Making it official

1 05 2016

Apparently 13 is the new small.

The Fraser River Fuggitivi is growing. Last year getting 13 people out to our Sunday group ride was a triumph. This year it’s what happens when a handful of members bail at the last minute to attend to other commitments.

That’s the price, or benefit, of becoming official.

As of Monday, the FRF is a properly registered association, a legal entity with bylaws, directors, dues, an annual general meeting with motions, votes and minutes. Everyone must sign a waiver to ride, limiting the group’s exposure to liability in case of an accident. In the next little while, we’ll even have kit. All we’re missing is a fleet of team cars. It’s an evolution necessitated by our growth and the initiative to get sponsors to foot some of the cost of our kit.

It’s a long way from the loose association of half a dozen or so like-minded cyclists, united by Twitter, gathering every Sunday for a morning out on the road.

The second wave of FRF traverses the Port Mann Bridge.

The second wave of FRF traverses the Port Mann Bridge.

Getting bigger and becoming official also raises the cycling stakes; more riders brings a wider range of fitness and speed, especially this early in the season. So keeping everyone together and feeling part of the group, even as it splinters on climbs or during pacelines along the flats, becomes a challenge. Finessing that can make or break a ride.

It's an early start for the growing FRF as 100+ km is on the day's itinerary.

It’s an early start for the growing FRF as 100+ km is on the day’s itinerary.

Fortunately today’s leader, Flying Oakes, designed a 100 km route with a couple of bail-out options for those unprepared or unable to go the distance. That also allowed us all to regroup at a coffee shop and, later, a brewery.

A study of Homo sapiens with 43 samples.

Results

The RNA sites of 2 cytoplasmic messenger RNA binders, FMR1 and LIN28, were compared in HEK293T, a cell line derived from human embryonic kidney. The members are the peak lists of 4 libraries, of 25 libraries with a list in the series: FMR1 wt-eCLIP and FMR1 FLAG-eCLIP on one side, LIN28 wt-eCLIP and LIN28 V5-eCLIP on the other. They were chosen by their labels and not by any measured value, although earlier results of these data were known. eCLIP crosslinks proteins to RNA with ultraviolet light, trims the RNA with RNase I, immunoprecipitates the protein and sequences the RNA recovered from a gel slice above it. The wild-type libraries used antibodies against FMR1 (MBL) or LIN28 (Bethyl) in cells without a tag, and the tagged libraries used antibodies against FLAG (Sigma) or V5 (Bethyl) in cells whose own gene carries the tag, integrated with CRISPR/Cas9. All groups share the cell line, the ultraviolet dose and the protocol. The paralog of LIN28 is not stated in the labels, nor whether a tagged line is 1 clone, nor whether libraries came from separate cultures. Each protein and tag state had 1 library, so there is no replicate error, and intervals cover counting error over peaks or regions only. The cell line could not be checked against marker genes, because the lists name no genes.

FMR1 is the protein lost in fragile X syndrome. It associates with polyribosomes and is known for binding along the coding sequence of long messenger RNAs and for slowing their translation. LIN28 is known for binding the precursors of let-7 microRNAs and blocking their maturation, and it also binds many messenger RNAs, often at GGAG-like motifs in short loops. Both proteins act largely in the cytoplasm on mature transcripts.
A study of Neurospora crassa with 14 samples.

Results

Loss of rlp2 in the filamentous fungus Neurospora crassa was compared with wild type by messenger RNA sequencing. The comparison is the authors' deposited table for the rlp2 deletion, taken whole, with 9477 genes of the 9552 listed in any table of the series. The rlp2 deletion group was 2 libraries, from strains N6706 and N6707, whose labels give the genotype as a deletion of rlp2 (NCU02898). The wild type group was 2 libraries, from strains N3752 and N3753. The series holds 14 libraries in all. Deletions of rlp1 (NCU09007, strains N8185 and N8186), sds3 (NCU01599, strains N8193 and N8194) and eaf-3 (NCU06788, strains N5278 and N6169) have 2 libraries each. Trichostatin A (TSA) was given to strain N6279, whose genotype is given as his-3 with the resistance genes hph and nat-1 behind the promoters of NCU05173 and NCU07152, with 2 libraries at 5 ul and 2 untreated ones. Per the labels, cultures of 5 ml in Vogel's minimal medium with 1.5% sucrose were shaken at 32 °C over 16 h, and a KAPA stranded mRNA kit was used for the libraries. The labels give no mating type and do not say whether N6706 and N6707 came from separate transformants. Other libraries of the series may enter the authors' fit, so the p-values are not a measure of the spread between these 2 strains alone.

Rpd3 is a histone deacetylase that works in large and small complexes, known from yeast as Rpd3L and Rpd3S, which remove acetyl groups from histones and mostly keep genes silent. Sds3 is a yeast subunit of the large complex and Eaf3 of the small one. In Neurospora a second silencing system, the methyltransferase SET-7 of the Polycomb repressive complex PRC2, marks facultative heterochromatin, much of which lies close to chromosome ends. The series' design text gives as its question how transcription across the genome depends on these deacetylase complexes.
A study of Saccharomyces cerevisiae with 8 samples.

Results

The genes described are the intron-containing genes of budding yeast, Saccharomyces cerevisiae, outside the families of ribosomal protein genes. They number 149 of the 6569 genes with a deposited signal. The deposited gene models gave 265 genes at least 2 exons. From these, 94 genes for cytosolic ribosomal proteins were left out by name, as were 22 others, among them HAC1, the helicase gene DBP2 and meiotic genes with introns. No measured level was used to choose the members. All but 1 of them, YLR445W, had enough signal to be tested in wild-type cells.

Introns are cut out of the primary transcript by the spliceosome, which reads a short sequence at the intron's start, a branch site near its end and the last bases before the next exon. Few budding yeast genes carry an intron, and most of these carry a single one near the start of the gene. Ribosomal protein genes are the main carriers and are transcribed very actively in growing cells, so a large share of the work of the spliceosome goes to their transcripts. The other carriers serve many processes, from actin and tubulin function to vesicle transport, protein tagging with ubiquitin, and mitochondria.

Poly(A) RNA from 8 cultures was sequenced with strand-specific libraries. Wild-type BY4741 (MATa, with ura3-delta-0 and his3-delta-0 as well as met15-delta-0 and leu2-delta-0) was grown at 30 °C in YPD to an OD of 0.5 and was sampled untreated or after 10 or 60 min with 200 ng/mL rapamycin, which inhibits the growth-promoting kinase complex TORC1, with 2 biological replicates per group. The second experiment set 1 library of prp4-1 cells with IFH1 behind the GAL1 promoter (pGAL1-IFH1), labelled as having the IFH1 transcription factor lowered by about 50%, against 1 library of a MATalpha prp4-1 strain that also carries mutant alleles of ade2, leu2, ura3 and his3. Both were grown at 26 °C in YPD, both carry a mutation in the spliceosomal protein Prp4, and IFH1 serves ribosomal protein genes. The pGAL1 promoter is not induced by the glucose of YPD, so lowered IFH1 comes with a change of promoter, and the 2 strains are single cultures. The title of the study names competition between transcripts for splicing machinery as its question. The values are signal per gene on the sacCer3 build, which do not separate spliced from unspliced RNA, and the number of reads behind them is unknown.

Group dynamics can be a tricky beast. Bring 13 men together and testosterone inevitably comes into play, egos can get bruised. Keeping those elements in check is key to ensuring casual rides for fun, fitness and camaraderie don’t become weekly throw-downs.

The first signs of a pace line begin to form on the prairie east of Fort Langley.

The first signs of a pace line begin to form on the prairie east of Fort Langley.

The FRF was formed to create group riding opportunities for suburban cyclists tired of travelling into the city to join one of the myriad groups based there. Our easygoing nature is captured by our Twitter hashtag, #moremilesmorebeer. The banter on the road is friendly; we chat about our families, work (or lack thereof), our bikes. Sprints are the exception rather than the rule; they usually happen when a few members get the urge to stretch their legs while the rest of us watch bemusedly.

Last year, our founder, Guy WR, added regular Tuesday night climbing rides to help improve everyone’s fitness in anticipation of the epic end-of-season ascent up Mt. Baker. And create another opportunity for the group to get together, kibbitz, maybe share a beer afterward.

Staying true to the hashtag, #moremilesmorebeer

Staying true to the hashtag, #moremilesmorebeer

In just a few short years, the FRF has become a community. So perhaps it was inevitable we’d also have to form a government and bureaucracy.